For this New York Times article, Carl Zimmer tags along with some urban evolutionary biologists — researchers who seem to have some different experiences than other field researchers. "We get police called on us a lot," says Jason Munshi-South, an assistant professor at Baruch College. "Sometimes with guns drawn." His group is studying white-footed mice that live in different parts of New York City and has found that mouse populations from different parks are genetically distinct. In the Hudson River, New York University's Isaac Wirgin has noted that all the tomcod living there have the same mutation in their AHR2 genes, a mutation that protects the fish from PCB pollution in the water. Other researchers are working indoors in the city's hospitals — John Quale at SUNY Downstate Medical Center found a strain of carbapenem-resistant Klebsiella pneumoniaein four Brooklyn hospitals. "New York, in other words, is an evolutionary experiment — one that some scientists find fascinating to observe," Zimmer writes.

The Scan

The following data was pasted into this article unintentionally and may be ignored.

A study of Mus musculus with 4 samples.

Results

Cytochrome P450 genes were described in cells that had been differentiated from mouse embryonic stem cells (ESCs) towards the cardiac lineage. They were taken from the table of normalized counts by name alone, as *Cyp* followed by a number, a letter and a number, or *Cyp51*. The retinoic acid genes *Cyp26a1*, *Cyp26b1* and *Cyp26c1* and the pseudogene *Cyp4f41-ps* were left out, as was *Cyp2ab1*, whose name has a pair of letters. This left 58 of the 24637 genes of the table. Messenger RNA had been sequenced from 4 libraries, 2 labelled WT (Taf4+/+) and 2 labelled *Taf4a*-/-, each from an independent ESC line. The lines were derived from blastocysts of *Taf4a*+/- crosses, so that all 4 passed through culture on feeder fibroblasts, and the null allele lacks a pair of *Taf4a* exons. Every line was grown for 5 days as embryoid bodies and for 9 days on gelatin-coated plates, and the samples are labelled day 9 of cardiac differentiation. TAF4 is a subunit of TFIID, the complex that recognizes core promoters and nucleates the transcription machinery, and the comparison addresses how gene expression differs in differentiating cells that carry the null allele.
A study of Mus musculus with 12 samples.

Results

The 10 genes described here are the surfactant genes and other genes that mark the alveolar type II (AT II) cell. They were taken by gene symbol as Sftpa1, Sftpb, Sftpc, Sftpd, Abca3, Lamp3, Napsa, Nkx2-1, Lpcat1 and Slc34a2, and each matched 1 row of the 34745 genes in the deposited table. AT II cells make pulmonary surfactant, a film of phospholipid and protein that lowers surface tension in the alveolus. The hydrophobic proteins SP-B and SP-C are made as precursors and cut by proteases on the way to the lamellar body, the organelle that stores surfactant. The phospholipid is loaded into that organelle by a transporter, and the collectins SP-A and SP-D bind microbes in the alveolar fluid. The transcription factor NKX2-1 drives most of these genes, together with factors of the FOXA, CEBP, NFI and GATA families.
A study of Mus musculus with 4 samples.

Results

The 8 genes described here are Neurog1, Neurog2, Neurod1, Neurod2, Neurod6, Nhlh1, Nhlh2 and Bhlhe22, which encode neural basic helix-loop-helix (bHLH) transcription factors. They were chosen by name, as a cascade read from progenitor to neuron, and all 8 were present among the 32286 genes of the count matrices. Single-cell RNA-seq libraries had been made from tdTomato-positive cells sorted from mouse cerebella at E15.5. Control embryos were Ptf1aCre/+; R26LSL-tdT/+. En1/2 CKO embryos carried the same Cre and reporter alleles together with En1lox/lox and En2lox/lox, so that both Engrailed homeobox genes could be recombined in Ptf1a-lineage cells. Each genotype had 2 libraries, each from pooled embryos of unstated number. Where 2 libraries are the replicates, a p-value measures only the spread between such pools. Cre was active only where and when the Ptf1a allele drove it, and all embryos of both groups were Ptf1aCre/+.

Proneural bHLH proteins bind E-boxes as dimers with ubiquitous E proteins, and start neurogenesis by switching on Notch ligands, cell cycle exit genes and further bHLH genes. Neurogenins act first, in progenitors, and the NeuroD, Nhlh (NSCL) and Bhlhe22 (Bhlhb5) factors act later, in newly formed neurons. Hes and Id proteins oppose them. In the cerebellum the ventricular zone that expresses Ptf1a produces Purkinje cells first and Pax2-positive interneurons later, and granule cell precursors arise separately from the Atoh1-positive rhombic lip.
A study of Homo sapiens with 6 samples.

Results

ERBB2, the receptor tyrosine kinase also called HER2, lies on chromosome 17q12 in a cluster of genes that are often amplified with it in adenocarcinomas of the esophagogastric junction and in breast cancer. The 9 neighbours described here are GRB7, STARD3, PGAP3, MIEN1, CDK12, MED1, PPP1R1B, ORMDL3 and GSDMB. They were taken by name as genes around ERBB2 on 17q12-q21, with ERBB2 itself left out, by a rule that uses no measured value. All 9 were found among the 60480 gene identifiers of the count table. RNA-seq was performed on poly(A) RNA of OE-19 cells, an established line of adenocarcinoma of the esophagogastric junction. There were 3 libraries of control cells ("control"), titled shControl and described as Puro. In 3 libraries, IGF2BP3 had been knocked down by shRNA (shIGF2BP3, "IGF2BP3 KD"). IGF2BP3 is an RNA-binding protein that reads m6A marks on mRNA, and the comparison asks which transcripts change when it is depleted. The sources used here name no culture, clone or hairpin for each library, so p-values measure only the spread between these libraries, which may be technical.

Study Links Evolution of Longevity, Social Organization in Mammals

With the help of comparative phylogenetics and transcriptomics, researchers in Nature Communications see ties between lifespan and social organization in mammals.

Tumor Microenvironment Immune Score Provides Immunotherapy Response, Prognostic Insights

Using multiple in situ analyses and RNA sequence data, researchers in eBioMedicine have developed a score associated with immunotherapy response or survival.

CRISPR-Based Method for Finding Cancer-Associated Exosomal MicroRNAs in Blood

A team from China presents in ACS Sensors a liposome-mediated membrane fusion strategy for detecting miRNAs carried in exosomes in the blood with a CRISPR-mediated reporter system.

Drug Response Variants May Be Distinct in Somatic, Germline Samples

Based on variants from across 21 drug response genes, researchers in The Pharmacogenomics Journal suspect that tumor-only DNA sequences may miss drug response clues found in the germline.